Watch before you paddle: Understand the lay of the land
I sat still on the shore with my toes sifting through the sand watching the sets roll in like slumbering giants. It looked big - big enough to pause - but not so big that I paused enough and left my board under the shade of the coconut trees. The water churned with energy bubbling and frothing with intent. My board sat listless in the sand but waiting to plunge into the swirl and head toward the pitch.
Before every session I perform a ritual of observation. Whether in the parking lot, leaning on a sea wall, fidgeting my toes deep into the sand, or simply leaning against my truck; I study the surf. Every wave and every session has a personality. They’re like people filled with varying traits, preferences, angles, stories, moods, influences, and peculiar nuance. The wave needs to be understood to effectively engage. Like the proverb from 2x world champion John Lawerence, “Watch for a while. Watch from the beach longer than you normally would. Look for patterns and be a skeptic with your mind. It’s usually twice as hard to do in real life what you are doing in your head.” The pause is always a good thing - in leadership and surfing.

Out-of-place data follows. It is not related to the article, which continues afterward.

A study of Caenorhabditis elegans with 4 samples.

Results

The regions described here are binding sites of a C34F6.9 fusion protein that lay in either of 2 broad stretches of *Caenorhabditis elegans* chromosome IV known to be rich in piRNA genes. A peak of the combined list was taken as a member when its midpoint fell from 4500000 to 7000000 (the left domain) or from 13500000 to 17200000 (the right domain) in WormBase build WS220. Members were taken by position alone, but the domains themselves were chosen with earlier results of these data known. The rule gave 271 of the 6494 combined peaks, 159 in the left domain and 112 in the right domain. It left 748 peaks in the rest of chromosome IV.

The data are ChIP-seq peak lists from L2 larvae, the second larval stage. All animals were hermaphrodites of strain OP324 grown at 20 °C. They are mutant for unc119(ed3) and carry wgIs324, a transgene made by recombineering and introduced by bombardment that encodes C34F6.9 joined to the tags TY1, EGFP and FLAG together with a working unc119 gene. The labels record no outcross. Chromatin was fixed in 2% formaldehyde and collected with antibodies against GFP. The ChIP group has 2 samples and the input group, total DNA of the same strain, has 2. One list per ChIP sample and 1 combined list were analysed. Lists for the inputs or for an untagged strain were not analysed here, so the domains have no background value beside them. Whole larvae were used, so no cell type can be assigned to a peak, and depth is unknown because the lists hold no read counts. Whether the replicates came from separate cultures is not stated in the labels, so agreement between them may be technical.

I learned the art of the pause through surfing and my lifelong battle with stuttering. I had to watch and listen and learn before the words could even make it out of my mouth. I spent a lot of time in silence. My struggle with stuttering helped me develop a discipline of overcoming obstacles and helped develop my compassion and empathy for others. It forced me to pause.
A good leader is not just there to give direction and verbal queues, but he or she is there to pause and listen so they can understand. Watch the people and teams a bit before you try and lead them. See the chemistry, the friction, the personalities, and most important see the individual and their strengths. Like a surfer that watches what the wave does every time, realize you are a part of something much bigger than yourself and watch who your people are so you can understand who you are leading.
Watch = Listen to your team. Connect with them through empathy so that you can understand the individuals in your team and lead them with insight and compassion. Watch from the beach longer than you normally would. It’s always 2x as hard to do in real life vs. what you see in your head.